Riad & Takht

Oak Park, California, United States | INDIE

Oak Park, California, United States | INDIE
Band World New Age




"History of Music"

If you are doing a thesis on Middle Eastern music, then your journey begins here. This recording is in the modal form of Arabic music or the discoveries of the ancient poet/musicians of the Byzantine Empire that traveled from the Middle East and North Africa and followed where Islam trekked from Spain to Southern Europe. On El Tarab El Aseel: Autochthonic Enchantment, there is a kind of purity to the music. It remains unspoiled by mixing consoles and overly anxious producers. The ethnic arrangements are a true representation of a segment of Middle Eastern compositions that are the very foundation of the genre. Incidentally, four years of Latin let me down. I had to look up autochthonic. In this case, it is music from where it is found or indigenous. Perhaps there is a double entendre to improvisations.

Riad Abdel-Gawad is a Harvard trained musician that has more degrees than a Celsius thermometer that warms all from Belgium to France and Southern California to Cincinnati. He trained in Western classical violin, but his album embraces the style of taqasim or Arabic improvisation and tarab the art of musical ecstasy. He utilizes acoustic ethnic instruments and composition skills deeply rooted in the past. Together they make for a recording that is enjoyable and at the same time historically correct.

El Tarab El Aseel: Autochthonic Enchantment is divided into four parts; the first element is called Longa Nahawand. Middle Eastern music is comprised of several modes and unlike Western music, it takes a listener quite some to to hear a pattern in this music, but if you wait long enough it becomes evident. This tune starts out with what sounds like an oriental influence. The fifteen-minute tune is a duel between violin and zither. It is a chase, a canter if you will as the instruments vie for your attention. Deep inside the melody is a spirit of celebration or perhaps discovery.

Qiblah, the second track has a bit more spirit and structure than the first track. It feels and sounds more like an animated dance and the music more akin to folk music. The ticking percussion and whirling melody makes you want to participate, to be part of the performance. The song is somewhat familiar as it has an interpretation familiar to Western ears, but only for a short time before the music turns to new territory once again.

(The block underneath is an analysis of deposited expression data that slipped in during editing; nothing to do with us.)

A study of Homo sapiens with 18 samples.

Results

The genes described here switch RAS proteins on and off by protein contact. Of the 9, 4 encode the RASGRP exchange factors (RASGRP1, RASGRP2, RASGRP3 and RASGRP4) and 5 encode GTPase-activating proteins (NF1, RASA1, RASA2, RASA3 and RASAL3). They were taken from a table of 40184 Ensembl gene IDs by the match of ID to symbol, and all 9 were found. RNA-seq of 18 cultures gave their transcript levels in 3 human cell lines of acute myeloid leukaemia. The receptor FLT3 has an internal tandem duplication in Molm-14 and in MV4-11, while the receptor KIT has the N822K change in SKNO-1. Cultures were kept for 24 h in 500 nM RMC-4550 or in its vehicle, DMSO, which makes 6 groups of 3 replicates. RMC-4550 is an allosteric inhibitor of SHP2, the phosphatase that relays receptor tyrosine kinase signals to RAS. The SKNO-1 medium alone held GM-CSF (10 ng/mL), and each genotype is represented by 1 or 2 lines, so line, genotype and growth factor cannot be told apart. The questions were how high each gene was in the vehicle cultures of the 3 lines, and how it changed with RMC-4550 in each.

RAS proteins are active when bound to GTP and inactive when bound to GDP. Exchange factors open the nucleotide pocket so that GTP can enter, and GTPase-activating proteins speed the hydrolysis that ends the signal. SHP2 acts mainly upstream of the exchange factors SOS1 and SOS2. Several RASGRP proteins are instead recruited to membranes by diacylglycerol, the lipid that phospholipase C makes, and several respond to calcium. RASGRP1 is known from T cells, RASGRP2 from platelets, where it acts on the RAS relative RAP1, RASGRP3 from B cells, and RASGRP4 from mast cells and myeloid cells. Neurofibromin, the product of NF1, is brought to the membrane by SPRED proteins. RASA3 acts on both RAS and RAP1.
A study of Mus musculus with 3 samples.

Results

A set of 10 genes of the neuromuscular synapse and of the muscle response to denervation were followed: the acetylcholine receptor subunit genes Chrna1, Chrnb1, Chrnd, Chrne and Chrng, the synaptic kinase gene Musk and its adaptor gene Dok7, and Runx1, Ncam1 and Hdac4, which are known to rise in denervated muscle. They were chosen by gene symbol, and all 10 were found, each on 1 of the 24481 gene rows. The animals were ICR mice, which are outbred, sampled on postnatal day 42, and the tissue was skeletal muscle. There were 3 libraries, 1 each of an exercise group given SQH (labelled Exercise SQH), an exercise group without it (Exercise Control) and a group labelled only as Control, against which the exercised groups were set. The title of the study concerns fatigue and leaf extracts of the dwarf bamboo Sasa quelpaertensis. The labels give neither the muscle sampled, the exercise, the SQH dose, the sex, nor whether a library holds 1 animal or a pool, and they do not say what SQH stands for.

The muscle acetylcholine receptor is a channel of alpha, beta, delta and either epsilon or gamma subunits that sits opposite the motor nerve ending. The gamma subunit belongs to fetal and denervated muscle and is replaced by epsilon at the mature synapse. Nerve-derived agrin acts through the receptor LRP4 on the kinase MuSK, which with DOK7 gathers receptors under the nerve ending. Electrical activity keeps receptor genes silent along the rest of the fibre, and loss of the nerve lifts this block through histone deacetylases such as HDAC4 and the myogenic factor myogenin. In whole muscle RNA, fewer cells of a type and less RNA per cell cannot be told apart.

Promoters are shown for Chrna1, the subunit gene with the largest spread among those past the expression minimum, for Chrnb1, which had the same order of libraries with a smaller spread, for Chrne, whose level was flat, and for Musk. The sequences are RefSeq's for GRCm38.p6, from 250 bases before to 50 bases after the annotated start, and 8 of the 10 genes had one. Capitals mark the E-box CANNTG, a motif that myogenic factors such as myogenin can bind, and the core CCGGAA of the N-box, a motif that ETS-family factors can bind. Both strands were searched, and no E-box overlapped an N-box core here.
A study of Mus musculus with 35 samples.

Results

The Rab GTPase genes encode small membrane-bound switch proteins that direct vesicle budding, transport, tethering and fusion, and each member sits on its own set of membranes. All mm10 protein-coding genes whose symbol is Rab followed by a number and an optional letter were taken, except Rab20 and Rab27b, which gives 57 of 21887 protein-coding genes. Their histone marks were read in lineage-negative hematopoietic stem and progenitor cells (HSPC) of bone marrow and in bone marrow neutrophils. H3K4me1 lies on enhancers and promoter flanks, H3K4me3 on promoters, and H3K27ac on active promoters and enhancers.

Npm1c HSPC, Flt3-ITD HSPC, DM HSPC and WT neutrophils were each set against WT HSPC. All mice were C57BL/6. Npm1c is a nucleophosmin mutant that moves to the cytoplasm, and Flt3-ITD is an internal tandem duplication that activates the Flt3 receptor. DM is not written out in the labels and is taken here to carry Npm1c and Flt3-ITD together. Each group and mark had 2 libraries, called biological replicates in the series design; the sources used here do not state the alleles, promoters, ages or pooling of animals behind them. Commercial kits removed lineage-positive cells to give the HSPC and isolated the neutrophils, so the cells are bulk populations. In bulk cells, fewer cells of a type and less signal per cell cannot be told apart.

We are fortunate to have a Greek title for track three, Delta. It is usually reserved for the mouth of a river with a rich silt buildup, but in this case it is a depository of singular styles that co-mingle into a lively cacophony of performances featuring the unusual instruments. I truly liked the performance of the nay or Arab flute that lent a bit of magic to the tune.

Finally, the last track Sama'i Sultanah Yakah. The song starts out on a very dramatic note, however the tone changes quickly and the tempo changes into something very Western for a time (no pun intended). The violin resumes its place in the lead and the tune has a push-pull timbre. The drama builds until the rest of the instruments unite into a series of energetic sweeps that seem to repeat in a quick pattern.

If you want to learn more about the Arabic melodic modes, known as maqamat than you can do no better than this recording. If you want to learn about music from not only another country, but from another century, than I recommend this album. After several listens, I truly felt that I was part of the music and after all, that is the magic of all music. - New Age Reporter


Still working on that hot first release.


Feeling a bit camera shy


Composer and violinist, Riad Abdel-Gawad apprenticed and performed many years with Islamic art of sound (handasah al sawt) composer and violinist, Abdo Dagher, who taught generations of musicians through oral transmission: note by note, rhythm by rhythm, in which the Sufi (tasawwuf) form of teacher-pupil lineages are evident all of over the Muslim world. Mr. Abdel-Gawad is considered by his teacher and his peers in Egypt to be one of the most serious artists to come out of this distinct stylistic school. Dr. Abdel-Gawad composed two acclaimed albums: El Tarab El Aseel and Egypt: Mother of the World, distributed world-wide by City Hall Records. He has performed in numerous festivals and venues and for organizations around the globe, including: Musik der Welt in Basel, The Institute of the Arab World in Paris, the International Festival of Culture in PyrenĂŠes, the House of Cultures of the World in Berlin, and the Egyptian Academy of Arts in Rome. Dr. Abdel-Gawad earned his Ph.D. in music from Harvard University and presently teaches at Bayan Claremont, an Islamic College at Claremont Lincoln University. Recently, Dr. Abdel-Gawad was interviewed by NPR and his music was featured on the series: Ecstatic Voices - Sacred Music in America. His film credits include music for the documentary, Words of Witness, recently featured on Al Jazeera America. He is the founder of Midan Elmusica Inc. an organization dedicated to disseminating Egyptian music.